Cypriots were very productive in terracotta sculptures of all sizes. The ceramic workshops that specialized in the manufacture of figurines were often located close to important sanctuaries. The simpler figurines were handmade. They had cylindrical bodies and crude faces; in some cases, plain clay trails or pellets were added to form such features as hats, eyes, ears etc. (the so-called snowman technique). A small number of figurines were thrown on the potter’s wheel. From the 7th c. BC onwards, increasing demand led to the introduction of the mould for the mass production of figurines.
During the Early and Middle Bronze Age (c. 2000-1600 BC) plank-shaped statuettes made of clay became the most common form of human representation in Cypriot art. They are highly stylized, with flat rectangular body and a narrower head and neck. Facial features and ornaments are indicated by incised and painted patterns (similar to those appearing on Red-Polished or White-Painted vases) with the exception of noses and occasionally ears and breasts that are often modelled. In some cases, a single body is crowned by two heads. There are also examples of female figures holding a child. Such figurines are usually found in tombs, although a few come from settlement contexts. Their appearance is generally associated with migrants from Anatolia, where similar figurines were used from an earlier date.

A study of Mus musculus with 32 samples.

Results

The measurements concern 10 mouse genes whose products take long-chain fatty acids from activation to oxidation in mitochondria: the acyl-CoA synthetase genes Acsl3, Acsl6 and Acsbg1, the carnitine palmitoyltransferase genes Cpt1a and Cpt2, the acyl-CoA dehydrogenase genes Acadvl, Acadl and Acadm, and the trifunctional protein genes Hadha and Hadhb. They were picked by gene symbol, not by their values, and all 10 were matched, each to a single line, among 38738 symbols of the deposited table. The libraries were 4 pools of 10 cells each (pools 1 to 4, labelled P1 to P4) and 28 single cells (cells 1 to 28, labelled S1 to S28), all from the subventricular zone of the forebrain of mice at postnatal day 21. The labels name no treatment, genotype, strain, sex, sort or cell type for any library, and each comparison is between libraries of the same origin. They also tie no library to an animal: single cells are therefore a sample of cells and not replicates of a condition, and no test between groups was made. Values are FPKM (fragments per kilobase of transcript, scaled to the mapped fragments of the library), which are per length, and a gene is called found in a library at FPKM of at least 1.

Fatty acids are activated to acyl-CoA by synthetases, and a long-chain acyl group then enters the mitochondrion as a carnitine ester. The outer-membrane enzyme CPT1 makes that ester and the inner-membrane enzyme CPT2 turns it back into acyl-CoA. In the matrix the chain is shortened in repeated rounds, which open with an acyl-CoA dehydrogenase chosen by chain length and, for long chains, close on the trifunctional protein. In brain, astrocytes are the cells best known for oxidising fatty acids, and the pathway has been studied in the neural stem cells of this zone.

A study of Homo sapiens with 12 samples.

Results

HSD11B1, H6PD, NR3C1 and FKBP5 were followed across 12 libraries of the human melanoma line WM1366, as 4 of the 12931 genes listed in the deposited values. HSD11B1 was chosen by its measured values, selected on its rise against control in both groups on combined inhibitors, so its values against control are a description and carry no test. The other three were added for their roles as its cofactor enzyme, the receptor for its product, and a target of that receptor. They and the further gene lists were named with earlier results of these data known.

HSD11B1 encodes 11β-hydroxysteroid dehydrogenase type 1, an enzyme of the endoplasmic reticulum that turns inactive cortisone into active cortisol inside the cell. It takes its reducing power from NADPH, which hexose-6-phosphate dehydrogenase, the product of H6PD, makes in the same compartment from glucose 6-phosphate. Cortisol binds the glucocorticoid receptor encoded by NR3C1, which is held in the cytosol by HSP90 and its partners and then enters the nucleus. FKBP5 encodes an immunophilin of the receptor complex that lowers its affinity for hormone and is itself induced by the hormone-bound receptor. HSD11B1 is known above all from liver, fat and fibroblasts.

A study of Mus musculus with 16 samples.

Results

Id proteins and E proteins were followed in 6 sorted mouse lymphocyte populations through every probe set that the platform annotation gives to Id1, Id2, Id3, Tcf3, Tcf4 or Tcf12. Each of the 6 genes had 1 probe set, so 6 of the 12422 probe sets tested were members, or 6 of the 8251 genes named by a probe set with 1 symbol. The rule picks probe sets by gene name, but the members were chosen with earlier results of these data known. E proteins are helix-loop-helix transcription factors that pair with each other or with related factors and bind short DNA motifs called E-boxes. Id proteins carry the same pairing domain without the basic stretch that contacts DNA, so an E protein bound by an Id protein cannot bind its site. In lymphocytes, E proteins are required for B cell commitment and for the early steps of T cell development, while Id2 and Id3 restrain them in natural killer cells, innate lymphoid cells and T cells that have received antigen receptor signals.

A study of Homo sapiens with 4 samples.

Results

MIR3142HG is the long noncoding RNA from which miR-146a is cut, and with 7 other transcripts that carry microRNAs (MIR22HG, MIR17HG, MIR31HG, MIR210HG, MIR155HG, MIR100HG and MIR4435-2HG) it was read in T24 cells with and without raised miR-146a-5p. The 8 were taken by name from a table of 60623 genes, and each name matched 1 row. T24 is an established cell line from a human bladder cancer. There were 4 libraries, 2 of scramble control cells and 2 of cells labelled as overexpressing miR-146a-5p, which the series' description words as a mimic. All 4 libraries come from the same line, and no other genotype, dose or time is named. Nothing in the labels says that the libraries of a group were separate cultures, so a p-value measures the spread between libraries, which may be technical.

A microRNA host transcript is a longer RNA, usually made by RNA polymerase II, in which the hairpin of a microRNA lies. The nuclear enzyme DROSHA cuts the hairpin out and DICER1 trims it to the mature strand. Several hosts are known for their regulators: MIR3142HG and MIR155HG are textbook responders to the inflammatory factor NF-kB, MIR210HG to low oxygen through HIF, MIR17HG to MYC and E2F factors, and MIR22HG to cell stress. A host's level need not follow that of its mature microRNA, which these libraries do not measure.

During the Early Cypriote III – Middle Cypriote I period (c. 2000-1900 BC), plank-shaped figures were sometimes copied in stone (e.g. chalk, limestone, gypsum, alabaster, and occasionally local marble). Stone figures are rare and come mainly from graves. They are comparatively large in size and extremely schematic in style. They have a plain rectangular body with angular protrusions for the arms. Some have pierced ears and bear traces of paint or punctured dots on the face. It is possible that stone figures were originally painted all over or adorned with jewellery, as suggested by the decoration on terracotta examples.
A very interesting and meaningful pendant representing a beautiful period of art.